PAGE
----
Wednesday, October 25, 2006

R-rated genes?

A film called Saw was advertised in Sunday's NYT with a full page ad. Rated R: "Under 17 requires accompanying parent or adult guardian. Strong grisly violence and gore, sequences of terror and torture, nudity and language." On the evidence of print and TV ads, this seems to be typical of the horror genre today: gratuitous violence of the most graphic sort, usually directed towards scantily-clad beautiful young people. It is simply inconceivable to me that any parent or guardian would accompany a child to such a film.

Then there's the video games, which kids are playing pretty much without adult supervision, and which are getting more graphically violent all the time.

What is this taste we have for gore? Is blood lust part of human nature? Certainly, it is nothing new. The Romans turned torture and carnage into mass entertainment.

I wrote about the violence of the Roman Colosseum in my novel Valentine (due out here and in France early in the new year), but if the novel were made into a film I would have to skip the screening. I walked out of Gladiator. If you asked, I would say that I wrote graphically about Roman violence as a dispassionate literary examination of human nature. My hero, Valentine, a physician, throws up on his first and only visit to the amphitheater as a spectator.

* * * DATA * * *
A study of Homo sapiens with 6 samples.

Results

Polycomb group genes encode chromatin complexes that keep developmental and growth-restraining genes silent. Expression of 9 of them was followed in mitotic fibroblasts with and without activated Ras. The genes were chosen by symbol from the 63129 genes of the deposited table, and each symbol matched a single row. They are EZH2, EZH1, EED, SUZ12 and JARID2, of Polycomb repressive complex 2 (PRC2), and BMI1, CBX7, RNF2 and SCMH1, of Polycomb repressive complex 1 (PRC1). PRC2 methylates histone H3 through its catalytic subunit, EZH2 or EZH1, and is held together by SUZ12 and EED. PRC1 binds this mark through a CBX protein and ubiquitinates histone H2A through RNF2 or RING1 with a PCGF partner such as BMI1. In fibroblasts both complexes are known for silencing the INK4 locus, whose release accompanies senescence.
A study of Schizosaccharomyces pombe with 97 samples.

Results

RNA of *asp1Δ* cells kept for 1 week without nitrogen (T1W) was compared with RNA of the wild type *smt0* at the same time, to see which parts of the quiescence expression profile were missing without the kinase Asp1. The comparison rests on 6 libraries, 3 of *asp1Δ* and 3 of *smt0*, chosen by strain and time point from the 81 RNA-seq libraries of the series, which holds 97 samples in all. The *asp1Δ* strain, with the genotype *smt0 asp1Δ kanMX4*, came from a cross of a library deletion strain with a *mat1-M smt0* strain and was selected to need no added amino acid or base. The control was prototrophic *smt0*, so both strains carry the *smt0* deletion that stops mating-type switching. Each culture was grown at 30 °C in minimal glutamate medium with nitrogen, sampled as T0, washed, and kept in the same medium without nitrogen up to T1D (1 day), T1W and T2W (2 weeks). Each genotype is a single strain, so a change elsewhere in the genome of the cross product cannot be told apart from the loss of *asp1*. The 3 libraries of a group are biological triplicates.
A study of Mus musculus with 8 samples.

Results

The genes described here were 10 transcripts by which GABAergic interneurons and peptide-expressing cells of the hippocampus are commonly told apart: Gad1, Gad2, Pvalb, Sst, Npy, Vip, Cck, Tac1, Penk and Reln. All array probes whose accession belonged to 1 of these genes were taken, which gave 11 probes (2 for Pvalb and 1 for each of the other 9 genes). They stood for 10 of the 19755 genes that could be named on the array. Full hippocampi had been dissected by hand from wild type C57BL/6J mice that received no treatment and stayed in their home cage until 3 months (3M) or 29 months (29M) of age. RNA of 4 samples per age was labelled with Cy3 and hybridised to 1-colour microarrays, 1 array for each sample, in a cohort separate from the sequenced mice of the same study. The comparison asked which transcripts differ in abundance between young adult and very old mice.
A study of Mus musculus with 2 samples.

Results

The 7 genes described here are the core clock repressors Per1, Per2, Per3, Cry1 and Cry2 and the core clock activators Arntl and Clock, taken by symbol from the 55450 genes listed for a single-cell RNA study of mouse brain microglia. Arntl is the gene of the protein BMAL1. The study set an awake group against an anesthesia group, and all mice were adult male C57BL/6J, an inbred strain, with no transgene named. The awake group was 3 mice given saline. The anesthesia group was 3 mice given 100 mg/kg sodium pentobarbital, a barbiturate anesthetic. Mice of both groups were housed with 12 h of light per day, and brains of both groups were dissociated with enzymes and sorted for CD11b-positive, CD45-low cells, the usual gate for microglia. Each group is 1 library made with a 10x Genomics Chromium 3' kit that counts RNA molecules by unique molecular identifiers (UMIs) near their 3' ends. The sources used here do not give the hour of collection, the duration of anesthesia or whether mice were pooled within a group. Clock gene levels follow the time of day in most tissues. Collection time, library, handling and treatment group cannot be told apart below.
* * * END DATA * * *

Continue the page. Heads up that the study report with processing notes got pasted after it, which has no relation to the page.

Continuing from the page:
But maybe in writing the book I was satisfying a blood lust of my own in a self-deceptive, vicarious way. I don't underestimate the influence of genes, especially when it comes to a male preoccupation with sex and violence. One need only open the newspaper on any day to guess that the sex chromosomes carry some fearsome biological baggage that expresses itself almost exclusively in males.

Each of us, male and female, lives our life with an angel on the right shoulder and a devil on the left, and we are still a long way from knowing what part of either voice is nature or nurture.